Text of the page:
New air filtration technology developed, built, and tested at NASA’s Marshall Space Flight Center in Huntsville, Alabama, is bound for the International Space Station – where it will demonstrate advanced life support system capabilities that could help future explorers on the Moon and Mars breathe easier.
The new hardware, known as the 4-Bed Carbon Dioxide Scrubber, was shipped June 9 from Marshall to NASA’s Wallops Flight Facility in Wallops Island, Virginia, where it will be prepared to fly aboard the Cygnus NG-16 commercial resupply mission.
The scrubber is one of two next-generation Environmental Control and Life Support System technologies set to be tested on the space station for one year, helping recycle and regenerate most of the air and water necessary to sustain its crew – and proving advanced regenerative technology solutions for upcoming Artemis missions to the Moon and eventual human excursions to Mars. The Thermal Amine Scrubber, delivered to the station in early 2021, uses actively heated and cooled amine beds – water purification technology used around the world – to remove carbon dioxide from the air.
Once installed, the new carbon dioxide scrubber will use commercial adsorbent materials to retain water vapor while filtering carbon dioxide out of the space station’s airflow. Adsorption is the use of beaded porous materials, known as “molecular sieves,” to separate metabolic carbon dioxide to be discarded or recycled.
The space station’s current Carbon Dioxide Removal Assembly has conducted this task since early 2001. The 4-Bed Carbon Dioxide Scrubber is a design iteration of the current assembly, incorporating numerous engineering and technology changes to improve durability and maintainability. These upgrades and refinements are crucial for future exploration missions beyond Earth orbit. Once its year of technology demonstration is over and the system proves its capabilities, the new scrubber unit will be integrated into the station’s closed-loop recycling system for a minimum of three years to further demonstrate its viability for long-duration exploration missions and to contribute to station crew life support capabilities.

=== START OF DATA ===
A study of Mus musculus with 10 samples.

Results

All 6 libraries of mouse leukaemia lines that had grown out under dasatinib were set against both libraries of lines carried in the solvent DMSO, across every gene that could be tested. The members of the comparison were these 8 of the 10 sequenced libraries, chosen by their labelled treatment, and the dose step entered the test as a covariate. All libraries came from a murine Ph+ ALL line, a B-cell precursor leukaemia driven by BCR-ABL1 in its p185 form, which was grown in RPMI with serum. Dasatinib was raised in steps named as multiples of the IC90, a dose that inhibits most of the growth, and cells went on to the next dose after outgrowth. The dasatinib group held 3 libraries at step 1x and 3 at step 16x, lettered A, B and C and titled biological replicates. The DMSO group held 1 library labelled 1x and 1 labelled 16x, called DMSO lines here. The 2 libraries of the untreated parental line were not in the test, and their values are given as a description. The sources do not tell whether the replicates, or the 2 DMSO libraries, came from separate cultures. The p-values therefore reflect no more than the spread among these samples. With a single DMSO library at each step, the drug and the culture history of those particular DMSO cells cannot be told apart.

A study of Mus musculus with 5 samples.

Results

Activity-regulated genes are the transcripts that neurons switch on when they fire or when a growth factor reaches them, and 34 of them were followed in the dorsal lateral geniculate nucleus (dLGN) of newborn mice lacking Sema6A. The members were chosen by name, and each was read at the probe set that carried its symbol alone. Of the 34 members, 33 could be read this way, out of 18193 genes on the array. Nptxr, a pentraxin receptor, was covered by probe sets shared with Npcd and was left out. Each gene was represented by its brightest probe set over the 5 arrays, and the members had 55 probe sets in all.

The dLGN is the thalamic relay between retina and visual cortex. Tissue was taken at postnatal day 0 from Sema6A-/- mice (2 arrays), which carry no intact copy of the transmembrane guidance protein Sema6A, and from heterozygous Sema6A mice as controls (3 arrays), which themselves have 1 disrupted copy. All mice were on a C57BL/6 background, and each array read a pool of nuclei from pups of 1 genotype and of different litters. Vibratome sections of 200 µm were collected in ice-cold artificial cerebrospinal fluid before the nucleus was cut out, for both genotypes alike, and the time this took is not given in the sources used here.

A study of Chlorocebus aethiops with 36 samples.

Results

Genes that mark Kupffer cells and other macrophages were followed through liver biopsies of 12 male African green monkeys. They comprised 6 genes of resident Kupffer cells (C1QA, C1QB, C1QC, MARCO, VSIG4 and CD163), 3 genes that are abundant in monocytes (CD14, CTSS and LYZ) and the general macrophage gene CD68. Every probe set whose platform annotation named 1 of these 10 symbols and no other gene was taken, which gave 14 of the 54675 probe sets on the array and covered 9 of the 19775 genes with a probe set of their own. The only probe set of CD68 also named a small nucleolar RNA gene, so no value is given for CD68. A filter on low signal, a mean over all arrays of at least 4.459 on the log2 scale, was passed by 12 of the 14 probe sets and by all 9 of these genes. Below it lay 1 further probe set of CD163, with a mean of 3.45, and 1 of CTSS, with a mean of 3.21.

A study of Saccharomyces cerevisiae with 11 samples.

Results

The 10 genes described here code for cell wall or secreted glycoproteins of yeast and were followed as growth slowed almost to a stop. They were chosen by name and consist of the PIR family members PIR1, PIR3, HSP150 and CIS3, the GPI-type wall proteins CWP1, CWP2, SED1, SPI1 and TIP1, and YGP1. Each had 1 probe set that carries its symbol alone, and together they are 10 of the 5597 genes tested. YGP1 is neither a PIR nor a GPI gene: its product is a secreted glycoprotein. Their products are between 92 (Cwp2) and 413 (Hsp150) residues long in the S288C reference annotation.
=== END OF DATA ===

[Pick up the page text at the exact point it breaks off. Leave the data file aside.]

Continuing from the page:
As many as 100 Marshall engineers, materials researchers, and safety personnel, plus sensor, filtration, and pump hardware specialists at NASA’s Johnson Space Center in Houston, had a hand in the design, fabrication, and testing of the new hardware unit, said Donnie McCaghren, project manager for the 4-bed CO2 scrubber at Marshall.
“Our primary goal was increasing efficiency and maintainability, to ensure fully functioning, longer-lasting hardware on orbit with less need for crew maintenance,” McCaghren said. “We reduced the scrubber’s power consumption, improved the thermal stability and lifespan of the adsorbent materials, and added replaceable filters, more durable valves, and protective covers for the valve motors.”
The team also upgraded the adsorbent bed internal heating units and redesigned the beds to be circular rather than rectangular, which improves performance and reliability. They also used Marshall’s state-of-the-art 3D printers to prototype and test key components – a capability that could enable crews in orbit, in years to come, to quickly print replacement parts as needed, rather than wait for resupply flights from Earth.
Additionally, the new scrubber unit will enable testing of a first-of-its-kind, magnetic bearing air blower to push the air through its adsorption beds. The blower was developed by a commercial provider for NASA to replace an obsolete blower technology.
The new hardware is roughly the size of a small refrigerator and weighs approximately 450 pounds. Its operation and technology demonstration will be overseen on orbit by mission controllers at NASA’s Johnson Space Center in Houston, with continuing contributions by Marshall space station hardware engineers.
The Cygnus NG-16 spacecraft, built by Northrop Grumman of Falls Church, Virginia, is scheduled to lift off later this summer.